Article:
Queensland will open its borders to all states except Victoria on July 10, Premier Annastacia Palaszczuk confirmed on Tuesday.
Other states and territories will be able to travel into Queensland after filling out a border pass declaring they haven’t been to Victoria for the past two weeks.
“If you falsify a document, you will face strict penalties and fines up to $4,000,” Palaszczuk told reporters before warning she would cancel the border reopening to states and territories that experience future COVID-19 community transmission outbreaks similar to Victoria.
From this Friday July 3 at 12pm, people who have been in Victoria and need to travel to Queensland, including Queensland residents, must self-isolate in a hotel for 14 days at their own expense.
“We just can’t risk removing border restrictions for people coming from areas of Victoria right now,” Palaszczuk added.
“We want to help Victoria out. We’ve sent our Deputy Chief Health Officer down to Victoria, Dr Young will also mention to you that we are prepared to give even more support to Victoria.”
The premier went on to urge Queenslanders to stay in their home state this school holidays.
“Please do not go to Victoria.” she said. “Stay in Queensland.”
South Australia on Tuesday cancelled its scheduled reopening to some parts of the nation, citing a spike in coronavirus infections in neighbouring Victoria.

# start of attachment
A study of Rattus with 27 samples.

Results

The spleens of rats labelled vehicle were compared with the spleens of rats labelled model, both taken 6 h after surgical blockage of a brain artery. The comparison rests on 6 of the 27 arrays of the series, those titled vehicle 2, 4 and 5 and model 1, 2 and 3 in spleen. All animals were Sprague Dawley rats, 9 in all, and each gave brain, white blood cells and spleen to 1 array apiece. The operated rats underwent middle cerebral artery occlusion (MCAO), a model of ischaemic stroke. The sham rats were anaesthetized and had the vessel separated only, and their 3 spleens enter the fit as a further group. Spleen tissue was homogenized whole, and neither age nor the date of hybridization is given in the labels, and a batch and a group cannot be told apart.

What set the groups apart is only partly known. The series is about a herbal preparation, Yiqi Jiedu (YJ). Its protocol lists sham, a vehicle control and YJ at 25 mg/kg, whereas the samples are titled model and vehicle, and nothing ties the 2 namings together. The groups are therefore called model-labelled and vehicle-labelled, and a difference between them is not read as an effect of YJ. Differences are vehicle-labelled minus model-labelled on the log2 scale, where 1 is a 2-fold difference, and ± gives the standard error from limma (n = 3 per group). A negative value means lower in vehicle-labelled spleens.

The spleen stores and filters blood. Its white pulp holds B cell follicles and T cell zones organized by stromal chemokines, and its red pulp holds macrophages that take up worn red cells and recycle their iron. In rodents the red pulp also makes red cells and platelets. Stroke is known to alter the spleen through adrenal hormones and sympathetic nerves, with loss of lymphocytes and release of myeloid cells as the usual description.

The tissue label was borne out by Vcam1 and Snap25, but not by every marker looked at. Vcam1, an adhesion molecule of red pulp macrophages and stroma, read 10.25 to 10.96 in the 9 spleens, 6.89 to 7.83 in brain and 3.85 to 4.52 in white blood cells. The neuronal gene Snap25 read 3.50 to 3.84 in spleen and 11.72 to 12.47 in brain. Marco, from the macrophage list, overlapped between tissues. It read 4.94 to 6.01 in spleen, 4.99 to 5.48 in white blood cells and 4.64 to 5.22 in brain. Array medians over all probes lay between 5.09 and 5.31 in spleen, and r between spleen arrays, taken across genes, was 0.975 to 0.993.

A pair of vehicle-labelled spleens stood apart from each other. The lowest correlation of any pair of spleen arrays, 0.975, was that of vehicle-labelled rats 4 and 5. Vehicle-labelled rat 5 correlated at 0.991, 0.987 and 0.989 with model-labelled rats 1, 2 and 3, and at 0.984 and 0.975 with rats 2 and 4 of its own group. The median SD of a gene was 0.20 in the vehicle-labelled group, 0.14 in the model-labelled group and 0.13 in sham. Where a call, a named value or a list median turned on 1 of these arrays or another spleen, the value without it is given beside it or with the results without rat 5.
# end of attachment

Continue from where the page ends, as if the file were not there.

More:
South Australia had said it would remove restrictions on interstate arrivals on July 20 as part of a broader nationwide relaxation of curbs to contain the new coronavirus.
However, Victoria has reported a double-digit increase in new cases for each of the past 13 days, resulting in Australia’s biggest daily increase in new cases since April.
“We are very hopeful that Victoria will be able to bring their outbreaks under control but at this stage we cannot possibly lift that border on 20 July as we were hoping to do,” South Australia Premier Steven Marshall told reporters.
“We have worked so hard to get ourselves into a very enviable position and we are not prepared to go backwards.”
Marshall said the state would still consider opening its borders to arrivals from other states where infections have been contained, such as Australian Capital Territory and New South Wales (NSW), but did not specify a time.
South Australia’s borders with Western Australia, Tasmania, Queensland and the Northern Territory were reopened earlier this month.
Australia’s delays in reopening internal borders have complicated federal ambitions to set up a “travel bubble” with New Zealand that would allow the movement of people between the two countries.
Australia has fared better than many countries in the pandemic, with around 7,800 cases and 104 deaths, but the recent surge has stoked fears of a second wave.
After reporting 75 new cases on Monday, Victoria is yet to give a daily update of case numbers on Tuesday.
NSW said it would continue to keep its border open as it focused on supporting its economy amid the pandemic. The state reported no new cases on Tuesday.
“We’ve even welcomed people who’ve come across our own borders to New South Wales, who had the disease, and we’ve managed that,” NSW Premier Gladys Berejiklian told reporters.
“There is a path forward because I don’t want to see further jobs go.”
Byron Kaye of Reuters contributed to this report.
This article originally appeared on HuffPost and has been updated.